Human milk-derived fortifier in preterm infants fed with all breast milk

Review question: In preterm infants fed only breast milk, does the use of extra nutrients (to provide extra protein and energy) made from human milk compared to nutrients from cow's milk decrease the chances of illnesses, death or improve growth?

Background: Preterm infants fed with breast milk need extra energy and protein to support their growth. Hence, nutrients (multi-nutrient fortifiers) are added to the breast milk. It is not clear if nutrients made from human milk, when compared to nutrients made from cow's milk, decrease the risk of death and other illnesses, and improve growth in preterm infants who are fed only with breast milk.

Study characteristics: We found one well-performed study that enrolled 127 infants addressing this question. Evidence is up to date as of 20 September 2018.

Key results: The use of nutrients made from human milk, when compared with nutrients made from cow's milk, did not reduce the risk of intestinal disease (necrotizing enterocolitis), feeding problems, death, infections, or improve growth in preterm infants fed with breast milk.

Conclusions: Nutrients made from human milk (multi-nutrient fortifier), when compared with nutrients made from cow's milk, may not change the occurrence of illnesses or improve the growth in preterm infants fed only with breast milk. This evidence is insufficient to conclude whether nutrient made from human milk (multi-nutrient fortifier) when provided to preterm infants fed only with breast milk is beneficial or not. More studies are needed to address this important question.

Authors' conclusions: 

There is insufficient evidence evaluating human milk-derived fortifier with bovine milk-derived fortifier in exclusively breast milk-fed preterm infants. Low-certainty evidence from one study suggests that in exclusively breast milk-fed preterm infants human milk-derived fortifiers in comparison with bovine milk-derived fortifier may not change the risk of necrotizing enterocolitis, mortality, feeding intolerance, infection, or improve growth. Well-designed randomized controlled trials are needed to evaluate short-term and long-term outcomes.

Read the full abstract...

Preterm infants who are fed breast milk in comparison to infant formula have decreased morbidity such as necrotizing enterocolitis. Multi-nutrient fortifiers used to increase the nutritional content of the breast milk are commonly derived from bovine milk. Human milk-derived multi-nutrient fortifier is now available, but it is not clear if it improves outcomes in preterm infants fed with breast milk.


To determine whether the fortification of breast milk feeds with human milk-derived fortifier in preterm infants reduces mortality, morbidity, and promotes growth and development compared to bovine milk-derived fortifier.

Search strategy: 

We searched the following databases for relevant trials in September 2018.

Cochrane Central Register of Controlled Trials (CENTRAL) (the Cochrane Library, Issue 9), electronic journal reference databases including MEDLINE (1980 to 20 September 2018), PREMEDLINE, Embase (1974 to 20 September 2018), CINAHL (1982 to 20 September 2018), biological abstracts in the database BIOSIS and conference abstracts from 'Proceedings First' (from 1992 to 2011). We also included the following clinical trials registries for ongoing or recently completed trials: (, the World Health Organization International Clinical Trials Registry Platform (WHO ICTRP; www.whoint/ictrp/search/en/) and the ISRCTN Registry (, and abstracts of conferences: proceedings of Pediatric Academic Societies (American Pediatric Society, Society for Pediatric Research and European Society for Paediatric Research) from 1990 in the 'Pediatric Research' journal and 'Abstracts online' (2000 to 2017).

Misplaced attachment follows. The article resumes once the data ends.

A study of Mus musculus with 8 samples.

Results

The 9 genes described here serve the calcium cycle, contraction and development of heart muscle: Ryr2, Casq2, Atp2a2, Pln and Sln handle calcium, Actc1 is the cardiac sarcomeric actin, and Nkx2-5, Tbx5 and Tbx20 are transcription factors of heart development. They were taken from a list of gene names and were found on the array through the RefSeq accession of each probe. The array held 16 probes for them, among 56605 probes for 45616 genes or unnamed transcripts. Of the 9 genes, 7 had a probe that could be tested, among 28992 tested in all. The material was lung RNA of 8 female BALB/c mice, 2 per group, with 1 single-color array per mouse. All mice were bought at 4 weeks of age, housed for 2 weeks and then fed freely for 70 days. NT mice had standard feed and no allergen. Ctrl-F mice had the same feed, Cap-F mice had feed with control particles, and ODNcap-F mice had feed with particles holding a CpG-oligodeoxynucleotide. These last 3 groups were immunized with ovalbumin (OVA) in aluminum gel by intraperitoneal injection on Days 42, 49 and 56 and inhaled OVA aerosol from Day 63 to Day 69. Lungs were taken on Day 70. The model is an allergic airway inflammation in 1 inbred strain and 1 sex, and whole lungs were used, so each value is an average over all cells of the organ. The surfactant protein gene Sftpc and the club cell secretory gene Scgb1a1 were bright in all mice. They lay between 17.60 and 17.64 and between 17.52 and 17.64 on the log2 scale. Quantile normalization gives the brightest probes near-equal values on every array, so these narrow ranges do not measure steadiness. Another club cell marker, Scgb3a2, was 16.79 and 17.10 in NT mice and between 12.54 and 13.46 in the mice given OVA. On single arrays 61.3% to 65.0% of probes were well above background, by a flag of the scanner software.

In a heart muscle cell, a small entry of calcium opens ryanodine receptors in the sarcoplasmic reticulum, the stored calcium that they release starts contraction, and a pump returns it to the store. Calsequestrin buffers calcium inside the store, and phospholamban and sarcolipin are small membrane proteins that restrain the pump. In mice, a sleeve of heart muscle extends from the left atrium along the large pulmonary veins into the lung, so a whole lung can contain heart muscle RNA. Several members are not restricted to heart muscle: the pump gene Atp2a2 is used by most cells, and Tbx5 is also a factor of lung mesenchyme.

Selection criteria: 

We included randomized and quasi-randomized controlled trials that compared preterm infants fed breast milk fortified with human milk-derived fortifier versus those fed with breast milk fortified with bovine milk-derived fortifier.

Data collection and analysis: 

The data were collected using the standard methods of Cochrane Neonatal. Two authors evaluated trial quality of the studies and extracted data. We reported dichotomous data using risk ratios (RRs), risk differences (RDs), number needed to treat (NNT) where applicable, and continuous data using mean differences (MDs). We assessed the quality of evidence using the Grading of Recommendations Assessment, Development and Evaluation (GRADE) approach.

Main results: 

One randomized trial with 127 infants met the eligibility criteria and had low risk of bias. Human milk-based fortifier did not decrease the risk of necrotizing enterocolitis in exclusively breast milk-fed preterm infants (RR 0.95, 95% CI 0.2 to 4.54; 1 study, 125 infants, low certainty of evidence). Human milk-derived fortifiers did not improve growth, decrease feeding intolerance, late-onset sepsis, or death.